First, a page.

Small brokerages see a chance to grow

By , Staff writer of The Christian Science Monitor

In the wake of the stock market's October plunge, stories about hiring freezes, layoffs, and companies quitting the bond underwriting business have commanded tremendous amounts of newsprint. Last week E.F. Hutton Group Inc. earned a place on the front pages when the company announced it was looking for a merger partner or a cash infusion to survive the market's decline and stave off a possible lowered credit rating.

Besides the individual dramas of the post-plunge financial services industry, another story is playing out. Some of the nation's smaller brokerages and regional firms had been building up capital, not expanding in the bull market, and waiting for the right moment to buy. Indeed, some of these now plan to open more offices, hire more workers, expand into new areas, and take over smaller or failed firms.

``We now have no hiring freeze, and we plan to open more branches,'' says Benjamin Edwards, chairman and chief executive officer of A.G. Edwards & Sons Inc., in St. Louis. ``People have had more opportunity to expand in bad times than good, because the market's fall has made many problems crystal clear.''


``We immediately went up to Michigan, picked up 4,500 new accounts, and increased our distribution. The money they lost was in a narrow segment: We picked up the assets and no liabilities,'' he adds.

Rodman & Renshaw has added two other branches since May; it bought out a firm in Itasca, Ill., and opened an office in Kansas City, Mo. The company's number of employees has grown this year from 240 to 300, Mr. Young says. ``While we don't have aggressive expansion plans, if opportunities present themselves we'll pursue them. If the right people become available, we'll look at how they fit in,'' he says.

When Rodman & Renshaw went public in June 1986, it raised about $9 million. The company has $30 million in capital. ``We didn't make acquisitions even though we had the money. We can look at other firms and not pay premium prices to obtain them. We have no long-term debt, so we're positioned to take advantage of someone else's problems,'' Young says. Rodman & Renshaw is looking to get into money management and to buy firms.

According to financial services analyst Nancy Young, the smaller firms - those that may not be household names or have national recognition - could benefit greatly during the restructuring, brought on in part by the market's plunge.

``We're tending to see that those firms with insufficient focus on what their markets were are having problems now. And the dichotomy is the growth opportunities the smaller firms have,'' says Ms. Young, of Tucker, Anthony & R.L. Day, New York.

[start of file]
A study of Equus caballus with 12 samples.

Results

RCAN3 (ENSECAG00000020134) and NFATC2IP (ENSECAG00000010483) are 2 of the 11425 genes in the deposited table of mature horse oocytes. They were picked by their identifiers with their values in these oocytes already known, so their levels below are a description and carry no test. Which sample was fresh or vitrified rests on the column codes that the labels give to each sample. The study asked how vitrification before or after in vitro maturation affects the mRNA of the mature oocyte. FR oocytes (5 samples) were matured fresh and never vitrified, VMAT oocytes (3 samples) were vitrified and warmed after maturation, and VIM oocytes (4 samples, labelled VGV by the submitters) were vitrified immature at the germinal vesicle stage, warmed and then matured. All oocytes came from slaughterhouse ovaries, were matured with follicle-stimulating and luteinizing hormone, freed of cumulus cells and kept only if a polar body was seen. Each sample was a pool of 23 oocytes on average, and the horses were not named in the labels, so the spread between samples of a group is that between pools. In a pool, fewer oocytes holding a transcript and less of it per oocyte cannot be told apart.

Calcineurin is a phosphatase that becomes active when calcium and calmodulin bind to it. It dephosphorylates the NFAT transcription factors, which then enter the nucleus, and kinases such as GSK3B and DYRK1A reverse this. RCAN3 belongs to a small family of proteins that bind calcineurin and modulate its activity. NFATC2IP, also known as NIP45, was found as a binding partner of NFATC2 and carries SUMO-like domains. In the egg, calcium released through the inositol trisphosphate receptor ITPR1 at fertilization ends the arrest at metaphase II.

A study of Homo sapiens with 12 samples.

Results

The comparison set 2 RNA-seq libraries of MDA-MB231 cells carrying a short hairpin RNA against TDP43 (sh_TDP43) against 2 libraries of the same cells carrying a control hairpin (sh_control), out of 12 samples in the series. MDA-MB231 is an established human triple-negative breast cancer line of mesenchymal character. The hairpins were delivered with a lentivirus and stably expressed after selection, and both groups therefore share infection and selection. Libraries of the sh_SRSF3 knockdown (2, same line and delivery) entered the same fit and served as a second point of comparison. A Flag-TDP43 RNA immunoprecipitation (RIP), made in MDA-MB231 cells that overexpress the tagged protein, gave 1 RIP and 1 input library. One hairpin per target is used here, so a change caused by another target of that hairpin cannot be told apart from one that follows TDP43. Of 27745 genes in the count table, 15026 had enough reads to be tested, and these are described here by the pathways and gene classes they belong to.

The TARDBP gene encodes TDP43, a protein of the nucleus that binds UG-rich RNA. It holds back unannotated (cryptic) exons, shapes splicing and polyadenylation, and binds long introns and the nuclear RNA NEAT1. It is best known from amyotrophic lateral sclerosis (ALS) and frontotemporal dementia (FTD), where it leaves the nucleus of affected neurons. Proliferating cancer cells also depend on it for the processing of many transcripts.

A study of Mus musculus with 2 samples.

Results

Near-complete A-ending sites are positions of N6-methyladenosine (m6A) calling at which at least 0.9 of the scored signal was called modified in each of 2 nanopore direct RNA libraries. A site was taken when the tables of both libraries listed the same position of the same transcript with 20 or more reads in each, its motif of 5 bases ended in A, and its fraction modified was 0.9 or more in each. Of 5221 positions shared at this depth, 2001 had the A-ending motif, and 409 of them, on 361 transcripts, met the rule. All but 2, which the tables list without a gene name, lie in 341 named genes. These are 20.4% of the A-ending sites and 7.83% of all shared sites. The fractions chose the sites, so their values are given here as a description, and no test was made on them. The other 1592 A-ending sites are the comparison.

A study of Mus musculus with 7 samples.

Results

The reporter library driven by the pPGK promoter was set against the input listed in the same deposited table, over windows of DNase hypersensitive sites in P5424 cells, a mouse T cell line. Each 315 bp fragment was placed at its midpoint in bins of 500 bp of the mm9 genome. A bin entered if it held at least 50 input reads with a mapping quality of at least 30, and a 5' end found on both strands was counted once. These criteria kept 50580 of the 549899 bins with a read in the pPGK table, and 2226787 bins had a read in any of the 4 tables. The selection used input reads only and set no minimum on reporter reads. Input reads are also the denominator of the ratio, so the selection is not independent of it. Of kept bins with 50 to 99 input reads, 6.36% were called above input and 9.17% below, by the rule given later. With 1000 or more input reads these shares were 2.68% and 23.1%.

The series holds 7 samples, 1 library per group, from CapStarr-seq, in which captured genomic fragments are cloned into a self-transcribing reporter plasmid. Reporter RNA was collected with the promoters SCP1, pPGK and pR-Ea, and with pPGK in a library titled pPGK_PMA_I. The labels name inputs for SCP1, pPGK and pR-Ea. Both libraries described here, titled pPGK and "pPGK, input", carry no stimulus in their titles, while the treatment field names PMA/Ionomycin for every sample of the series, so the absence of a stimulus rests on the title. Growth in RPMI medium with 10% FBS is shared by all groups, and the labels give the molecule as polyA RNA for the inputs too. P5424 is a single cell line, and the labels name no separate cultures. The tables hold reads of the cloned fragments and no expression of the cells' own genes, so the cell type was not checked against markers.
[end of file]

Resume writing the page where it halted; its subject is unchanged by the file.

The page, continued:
Hutton, for example, spent 10 years building up and tearing down its capital markets presence. ``Two years later they tore it down. Then two years later they built it up. It was like watching the tide come in and go out,'' she says.

One of the ironic twists in this story is that Hutton last year spurned a $50-a-share, $1.55 billion offer from Shearson Lehman Brothers; analysts now estimate that Hutton would be fortunate to receive from $25 to $35 a share. Shearson is one of many possible merger partners mentioned.

``An unfocused firm is likely to bite the dust through failure or a merger. The smaller firms, when times are good, have tended not to expand. Now they have a tremendous opportunity,'' she adds.

One reason for this opportunity is the reputation for, and ramifications of, poor management in the securities industry, Young says. ``Management has a hard time seeing past the next quarter or next year,'' she says. ``You see the firms that got carried away now scaling back and seeking an identity.''

Another factor lurking on the horizon is the end next March of the moratorium on banking expansion. Young claims it is no coincidence that Salomon Brothers, for example, is getting out of municipal bonds, short-term paper, and mortgage-backed securities, ``areas where banks have the authority to engage in'' once the moratorium ends, she says.

``There's a whole new trend in financial services. There are new competitors: banks, savings-and-loan associations, and regional brokerages,'' she observes.

As part of its positioning for growth, A.G. Edwards opened 22 branches last year, bringing its total to 330 branches nationwide. The company plans to increase its investment banking area, research department, and institutional efforts, Mr. Edwards explains.

He does note that the size of the first broker training class since the market's 508-point plunge is the smallest the company has had in four or five years. The monthly class has 10 students; it usually has 50. Edwards says the firm's employment has dipped a little from its high of 6,700, as well. ``When we get into a slow period, there's attrition,'' he observes.

A.G. Edwards experienced a good October, except for the hits in the secured-debits area, Edwards notes. ``We were modestly profitable'' is the way he describes the month. November's business should be about half of October's. ``I'm not looking for a good quarter, but we have experienced no structural problems from the market's fall.''

Young of Rodman & Renshaw expects the company to break even for the month of October. ``November should be back to pre-October levels,'' Young hopes.

For the record, the Dow Jones industrial average closed last week down 24.53 points to 1,910.48 in light trading. The exchanges were closed Thanksgiving Day.